This is part one of a six-part, six-week series based on Psalm 139:13-18.
We live in a world where we’re all tempted to judge our worth based on how we match up to what we think we need to do or who we think we need to "be". Some of us overestimate our worth, some of us underestimate it – when we judge ourselves by those criteria. We can say our society is to blame for advocating this "do something"/"be somebody" mentality, and
it is to an extent, but it doesn’t take long to see that this is actually a human
issue, not a societal one. Examples can be found throughout the Bible, but one example that jumps out at me is the rich young
ruler in Luke 18:18-23.
When asking Jesus about obtaining eternal life in verse 18, the young man says, “What shall I do?” We’re told in verse 23 that he was a man of great wealth, and judging from the way this passage goes, the young man likely found his identity in his money and his ability to do and not do as he pleased. I don’t want to vilify this guy, because we’re not so different. Human nature – at least our fallen
human nature – is to try to guarantee our own security. Adam and Eve felt the urge even
at the beginning.
In Genesis 3:7-9, after they had eaten of the forbidden fruit, they were ashamed and "sewed fig leaves together to cover themselves" and hid from God. This is what happens when we look at
ourselves through our eyes rather than through God’s eyes. God still loved them just as when He created them. There was discipline for their actions, sure, but they remained precious to Him.
Just the same, your life has meaning,
significance, worth – regardless of what you’ve done or not done. Know that you are
special. The psalmist David knew he was, and he knew why.
He was able to write in Psalm 139:13, "You made all the delicate, inner parts of my body and knit me together in my mother’s womb" (New Living Translation), because at some point, rather through
divine inspiration or through Scriptures or through other means, he had heard
from God, “I made all the delicate, inner parts of your body and knit you together in your mother’s womb.”
And that truth – not what you’ve done or what you’ve become – is what gives you tremendous, matchless worth.
Genesis 1:27 says God created humans – male and female – in His own image. Then immediately, He blessed them and gave them dominion over all the earth (Genesis 1:28). I remember one time, before my boss went out of town, he called me into his office and said I was going to be in charge while he was away. That made me feel pretty good because it was affirmation that he thought highly of me. Well, that’s nothing compared to the affirmation God gives us! The One who created the earth and proclaimed it "good" (Genesis 1) turned right around and gave us responsibility over it. I’d say that’s a sign He thinks pretty highly of us, wouldn’t you? As "good" (Genesis 1) as the earth is, it’s not His masterpiece. We are. You are. Through humans, God has chosen to reveal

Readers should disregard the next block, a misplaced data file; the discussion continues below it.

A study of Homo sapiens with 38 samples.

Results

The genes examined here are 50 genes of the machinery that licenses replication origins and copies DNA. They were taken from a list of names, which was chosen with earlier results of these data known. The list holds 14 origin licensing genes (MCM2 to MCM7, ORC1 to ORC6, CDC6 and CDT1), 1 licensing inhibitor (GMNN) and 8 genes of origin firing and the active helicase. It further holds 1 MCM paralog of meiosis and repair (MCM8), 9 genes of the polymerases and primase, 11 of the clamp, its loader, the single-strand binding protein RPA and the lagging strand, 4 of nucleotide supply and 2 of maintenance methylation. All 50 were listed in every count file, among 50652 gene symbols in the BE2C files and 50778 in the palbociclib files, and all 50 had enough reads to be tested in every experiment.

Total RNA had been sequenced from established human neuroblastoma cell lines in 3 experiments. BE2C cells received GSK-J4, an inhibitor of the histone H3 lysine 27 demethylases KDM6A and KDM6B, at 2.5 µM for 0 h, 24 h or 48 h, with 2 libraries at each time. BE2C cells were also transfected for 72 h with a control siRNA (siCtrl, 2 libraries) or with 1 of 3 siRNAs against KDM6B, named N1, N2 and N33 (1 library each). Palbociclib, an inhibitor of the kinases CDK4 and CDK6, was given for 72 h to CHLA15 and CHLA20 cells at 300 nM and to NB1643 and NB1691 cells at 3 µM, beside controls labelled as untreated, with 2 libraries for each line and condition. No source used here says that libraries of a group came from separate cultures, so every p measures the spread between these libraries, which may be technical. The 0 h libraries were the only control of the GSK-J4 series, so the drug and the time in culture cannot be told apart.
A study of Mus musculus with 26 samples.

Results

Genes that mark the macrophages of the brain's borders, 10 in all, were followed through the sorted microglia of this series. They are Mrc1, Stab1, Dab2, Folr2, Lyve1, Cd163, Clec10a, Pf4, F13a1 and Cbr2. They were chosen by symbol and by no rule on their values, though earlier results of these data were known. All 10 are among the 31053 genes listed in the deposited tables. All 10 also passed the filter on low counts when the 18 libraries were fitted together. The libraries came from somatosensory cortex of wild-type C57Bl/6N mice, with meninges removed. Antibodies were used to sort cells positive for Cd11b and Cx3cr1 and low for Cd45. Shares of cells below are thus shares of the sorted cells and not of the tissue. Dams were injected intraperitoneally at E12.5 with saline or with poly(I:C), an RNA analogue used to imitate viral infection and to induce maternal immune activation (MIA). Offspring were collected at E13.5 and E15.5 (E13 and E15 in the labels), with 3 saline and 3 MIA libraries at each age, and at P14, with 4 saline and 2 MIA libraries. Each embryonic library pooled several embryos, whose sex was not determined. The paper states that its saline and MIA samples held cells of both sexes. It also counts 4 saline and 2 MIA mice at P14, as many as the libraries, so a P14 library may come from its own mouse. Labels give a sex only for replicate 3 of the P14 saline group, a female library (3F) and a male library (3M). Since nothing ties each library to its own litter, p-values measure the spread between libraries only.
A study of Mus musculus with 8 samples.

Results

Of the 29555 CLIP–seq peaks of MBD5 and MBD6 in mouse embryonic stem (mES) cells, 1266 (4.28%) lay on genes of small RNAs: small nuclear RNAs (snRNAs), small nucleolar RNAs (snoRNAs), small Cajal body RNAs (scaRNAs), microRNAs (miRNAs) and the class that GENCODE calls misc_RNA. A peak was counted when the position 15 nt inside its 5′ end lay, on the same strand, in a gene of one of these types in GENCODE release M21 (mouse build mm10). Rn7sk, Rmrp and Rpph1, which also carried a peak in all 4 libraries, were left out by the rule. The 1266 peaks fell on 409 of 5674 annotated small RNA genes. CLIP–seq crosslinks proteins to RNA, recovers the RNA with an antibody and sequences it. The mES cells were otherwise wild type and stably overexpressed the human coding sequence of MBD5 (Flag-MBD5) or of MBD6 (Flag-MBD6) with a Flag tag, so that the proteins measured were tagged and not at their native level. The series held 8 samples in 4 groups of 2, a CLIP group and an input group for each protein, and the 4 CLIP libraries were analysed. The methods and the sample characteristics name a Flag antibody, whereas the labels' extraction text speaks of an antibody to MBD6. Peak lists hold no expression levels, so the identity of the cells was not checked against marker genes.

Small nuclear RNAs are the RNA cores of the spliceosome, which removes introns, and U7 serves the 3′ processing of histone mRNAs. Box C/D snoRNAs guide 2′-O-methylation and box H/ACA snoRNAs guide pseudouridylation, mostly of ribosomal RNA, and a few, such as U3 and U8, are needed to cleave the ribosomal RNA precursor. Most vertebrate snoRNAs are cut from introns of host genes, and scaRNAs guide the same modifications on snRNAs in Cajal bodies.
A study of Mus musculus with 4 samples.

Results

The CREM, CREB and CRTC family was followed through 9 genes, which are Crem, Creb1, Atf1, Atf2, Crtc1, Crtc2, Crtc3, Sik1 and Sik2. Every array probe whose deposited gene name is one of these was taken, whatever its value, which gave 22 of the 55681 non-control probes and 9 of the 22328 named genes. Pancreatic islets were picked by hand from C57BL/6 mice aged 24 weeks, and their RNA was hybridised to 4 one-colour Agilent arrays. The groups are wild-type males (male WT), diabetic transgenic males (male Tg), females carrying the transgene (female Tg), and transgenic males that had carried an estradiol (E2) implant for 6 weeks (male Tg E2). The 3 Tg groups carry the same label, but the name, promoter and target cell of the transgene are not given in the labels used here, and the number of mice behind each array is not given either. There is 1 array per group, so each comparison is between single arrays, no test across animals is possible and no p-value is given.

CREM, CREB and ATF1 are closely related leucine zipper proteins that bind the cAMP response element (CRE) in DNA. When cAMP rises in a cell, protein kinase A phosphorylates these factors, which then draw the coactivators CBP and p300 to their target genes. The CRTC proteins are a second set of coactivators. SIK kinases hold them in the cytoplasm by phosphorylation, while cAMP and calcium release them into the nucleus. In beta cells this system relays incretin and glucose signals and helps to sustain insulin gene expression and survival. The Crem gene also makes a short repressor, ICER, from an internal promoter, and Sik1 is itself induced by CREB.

Himself in the world.
created you and blessed you. He has empowered you to have a wonderful influence
in this world. How do you do that? You don’t have to "do something" or "be somebody." Just be you.
Now, I’m concerned as I write this that some may accuse me of ignoring or even denying that we are born with a sinful nature, as Paul wrote in Ephesians 2:3 (and as is verified in other Scriptures). Or even worse, there may be some of you who have never heard about "original sin," and I don’t want to misguide you into thinking that the sin in your life is okay because you’re "just being you." The truth of the matter is, the purpose of this
message is to affirm our innate human worth and sin is irrelevant to that, which is why I’m not focusing on it here.
However, I do believe that when we hear from God, “I made all the delicate, inner parts of your body and knit you together in your mother’s womb,” and when we realize He created us in His own image, we can’t honestly swell with pride and think, "I’m great." Personally – and David does the same thing, as we’ll see later in the series – when I read these verses, I can’t help but look to God and praise Him and thank Him, and want to live in a way that honors Him. There is no way we can look upon our sin with anything but a godly sorrow when we see it against the backdrop of God’s holiness. And that is the pathway to salvation, through Jesus Christ! (2 Corinthians 7:10)
Okay, back to Psalm 139:13 for one final note to close this first installment in the "What David Knew" series: God didn’t just design you and then put you on an assembly line to be put
together. He didn’t hand you off to His subcontractors. No, He took your creation into
His own hands – literally. He personally knit you together in your mother’s womb.
I love that knitting is chosen as the illustration here. Did God really knit you with a couple of needles and yarn? No,
but it’s apparently the closest process He could use to describe it in a way we can understand.
He could have chosen all sorts of assembly processes here: snapped, glued,
nailed, bolted, etc. But those all sound rough and fast and cold. Knitting is
artistic. It is delicate. And it is unique!
Ask someone who knits if they’ve
ever knitted two identical items and they’ll tell you haven’t. You can follow the same
pattern, but the nature of knitting is that each piece will have a unique
weave. In human terms, we call that DNA. There is only one of you, and there is nothing you can do and nothing you can become that will add or take away from God’s masterful work. God loves you.
Do you know someone who needs to be reminded that they are a special creation of God? Loved and cherished just as they are, for who they are? If so, please consider forwarding this message to them. Or "digg" this message below for all the world to see! And I hope you’ll come back next Thursday for part two in the six-week series, where we’ll look further at just what a marvelous creation you really are!